750 NAS students are tested in Italy

Trainee Weapons Systems Officer FgOf Harry Greensil poses for a quick snap in the cockpit of his King Air Avenger.

It fell to Harry and fellow students with the Culdrose-based squadron to guide the twin-prop aircraft from the Lizard Peninsula to Pisa in Italy and back – a round-trip of well over 1,700 miles.

 

Fleet Air Arm observers act as both weapons specialists and navigators in Wildcat and Merlin helicopters.

 

They learn the fundamentals of their trade both on the ground and in the air with 750, tasks such as locating, identifying and plotting targets or directing a search and rescue mission.

 

The nature of the Royal Navy’s training and front-line operations around the globe means that the observers will frequently be flying through foreign airspace and making use of foreign airports and airbases.

 

That’s not only a key navigational test, but such flights also need diplomatic clearance and the helicopters might need logistical support (refuelling, transport, accommodation).

 

So as the 16-week observer course reaches its climax, students are tasked to plan – and execute – continental navigation training, which typically takes them to somewhere in the western Mediterranean rim, sometimes to Malta, on this occasion Tuscany… including a quick sightseeing flyby over Florence, 50 miles east of Pisa.

The continental phase of Basic Flying Training was a great learning experience giving us an opportunity to plan an international flight. It required a lot of planning but we learned a lot and the end result was well worth it allowing us the chance to experience another country with our course mates and instructors.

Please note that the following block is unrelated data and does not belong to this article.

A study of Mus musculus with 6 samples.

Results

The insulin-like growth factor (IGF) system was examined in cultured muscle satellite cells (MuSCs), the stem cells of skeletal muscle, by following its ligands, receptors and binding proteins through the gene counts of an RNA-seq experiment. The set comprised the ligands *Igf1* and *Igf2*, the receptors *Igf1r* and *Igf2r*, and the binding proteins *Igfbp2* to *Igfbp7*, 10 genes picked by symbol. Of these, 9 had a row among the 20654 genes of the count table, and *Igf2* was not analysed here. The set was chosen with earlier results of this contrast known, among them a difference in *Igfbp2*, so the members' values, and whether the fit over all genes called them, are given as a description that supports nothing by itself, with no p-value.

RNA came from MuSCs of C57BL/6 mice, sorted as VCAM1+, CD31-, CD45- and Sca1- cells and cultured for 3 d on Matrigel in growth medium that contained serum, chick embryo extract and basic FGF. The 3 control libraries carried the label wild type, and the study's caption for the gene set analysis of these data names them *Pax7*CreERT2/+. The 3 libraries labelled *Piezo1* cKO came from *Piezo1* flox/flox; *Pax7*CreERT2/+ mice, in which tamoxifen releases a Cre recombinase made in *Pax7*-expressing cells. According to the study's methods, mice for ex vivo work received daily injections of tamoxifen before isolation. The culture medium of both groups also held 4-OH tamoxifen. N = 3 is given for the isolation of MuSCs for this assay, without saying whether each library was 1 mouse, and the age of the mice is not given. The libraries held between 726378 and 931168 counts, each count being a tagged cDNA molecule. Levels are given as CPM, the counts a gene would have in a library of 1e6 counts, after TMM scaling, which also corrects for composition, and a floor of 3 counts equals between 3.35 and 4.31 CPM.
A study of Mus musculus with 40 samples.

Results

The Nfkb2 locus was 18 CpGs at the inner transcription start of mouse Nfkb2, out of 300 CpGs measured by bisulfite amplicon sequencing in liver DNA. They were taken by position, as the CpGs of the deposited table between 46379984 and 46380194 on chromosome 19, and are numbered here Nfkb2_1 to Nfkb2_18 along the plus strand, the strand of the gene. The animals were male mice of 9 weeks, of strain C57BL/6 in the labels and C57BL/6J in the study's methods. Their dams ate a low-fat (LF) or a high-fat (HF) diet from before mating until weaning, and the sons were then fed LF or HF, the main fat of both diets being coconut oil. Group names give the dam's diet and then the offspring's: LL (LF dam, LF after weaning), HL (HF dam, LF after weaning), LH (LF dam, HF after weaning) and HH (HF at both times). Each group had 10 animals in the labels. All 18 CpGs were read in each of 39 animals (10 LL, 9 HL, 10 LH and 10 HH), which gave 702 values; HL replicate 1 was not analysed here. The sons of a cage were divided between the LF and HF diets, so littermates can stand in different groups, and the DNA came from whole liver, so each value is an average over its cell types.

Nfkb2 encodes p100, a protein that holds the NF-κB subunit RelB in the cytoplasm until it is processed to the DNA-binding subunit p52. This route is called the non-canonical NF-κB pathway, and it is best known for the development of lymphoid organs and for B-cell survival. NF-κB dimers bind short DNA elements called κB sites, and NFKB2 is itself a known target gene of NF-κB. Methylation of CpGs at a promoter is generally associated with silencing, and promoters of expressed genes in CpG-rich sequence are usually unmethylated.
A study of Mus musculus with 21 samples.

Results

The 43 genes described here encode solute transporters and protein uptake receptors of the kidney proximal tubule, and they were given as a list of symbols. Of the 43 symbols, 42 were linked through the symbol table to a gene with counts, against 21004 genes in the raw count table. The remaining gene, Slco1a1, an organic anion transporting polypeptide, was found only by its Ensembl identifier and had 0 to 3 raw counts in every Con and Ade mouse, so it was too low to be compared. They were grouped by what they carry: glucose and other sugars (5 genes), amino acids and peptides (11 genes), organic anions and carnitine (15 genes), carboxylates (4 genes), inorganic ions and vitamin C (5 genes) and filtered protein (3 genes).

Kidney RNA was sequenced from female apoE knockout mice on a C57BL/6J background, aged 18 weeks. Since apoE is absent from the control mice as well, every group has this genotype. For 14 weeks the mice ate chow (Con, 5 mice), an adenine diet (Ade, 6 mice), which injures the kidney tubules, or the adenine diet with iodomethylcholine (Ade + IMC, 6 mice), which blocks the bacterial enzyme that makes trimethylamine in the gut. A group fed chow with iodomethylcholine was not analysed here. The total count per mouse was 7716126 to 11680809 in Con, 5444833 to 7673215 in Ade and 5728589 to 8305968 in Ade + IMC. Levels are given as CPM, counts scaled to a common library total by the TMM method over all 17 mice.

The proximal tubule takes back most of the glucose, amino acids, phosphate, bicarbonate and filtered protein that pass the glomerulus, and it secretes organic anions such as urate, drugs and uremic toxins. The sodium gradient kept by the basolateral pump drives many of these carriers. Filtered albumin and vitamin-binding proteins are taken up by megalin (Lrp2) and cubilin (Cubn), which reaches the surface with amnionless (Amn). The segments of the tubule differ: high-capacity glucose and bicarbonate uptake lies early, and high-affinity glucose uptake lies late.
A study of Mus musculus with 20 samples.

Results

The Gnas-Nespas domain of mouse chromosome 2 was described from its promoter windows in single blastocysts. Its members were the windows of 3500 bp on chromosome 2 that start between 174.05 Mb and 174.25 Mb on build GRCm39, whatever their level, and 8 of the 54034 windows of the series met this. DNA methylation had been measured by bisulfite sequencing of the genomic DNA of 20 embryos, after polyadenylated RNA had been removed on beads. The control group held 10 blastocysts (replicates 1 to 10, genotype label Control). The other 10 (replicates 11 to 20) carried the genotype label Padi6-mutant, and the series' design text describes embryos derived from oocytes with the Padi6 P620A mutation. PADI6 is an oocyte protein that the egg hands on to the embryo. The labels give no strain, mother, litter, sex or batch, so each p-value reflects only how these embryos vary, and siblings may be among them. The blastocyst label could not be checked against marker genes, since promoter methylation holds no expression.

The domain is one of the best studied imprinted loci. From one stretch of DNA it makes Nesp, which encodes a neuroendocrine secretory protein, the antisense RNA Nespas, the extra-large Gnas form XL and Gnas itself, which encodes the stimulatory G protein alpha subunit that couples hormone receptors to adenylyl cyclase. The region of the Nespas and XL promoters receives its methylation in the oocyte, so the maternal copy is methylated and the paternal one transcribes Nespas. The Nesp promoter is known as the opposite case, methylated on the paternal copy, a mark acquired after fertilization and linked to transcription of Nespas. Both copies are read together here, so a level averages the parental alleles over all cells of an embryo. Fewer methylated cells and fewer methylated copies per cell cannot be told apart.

Sub Lieutenant Scott Wilson

As well as the complex planning, the long-distance flight gives students the opportunity to experience operating as air traffic in controlled airspace.

 

“The continental phase of Basic Flying Training was a great learning experience giving us an opportunity to plan an international flight,” said Sub Lieutenant Scott Wilson.

 

“It required a lot of planning but we learned a lot and the end result was well worth it allowing us the chance to experience another country with our course mates and instructors.”

 

What they learned from their Pisa experience will be tested alongside everything else as their time with 750 draws to a close; students will use all the techniques taught to date (flight planning, navigation, search and rescue, use of radar and more) in a single sortie.

 

If successful, they will then move on to 824 Squadron in Culdrose to learn how to operate the systems on a Merlin Mk2, or to 825 and 847 Squadrons at Yeovilton to do the same with Wildcats.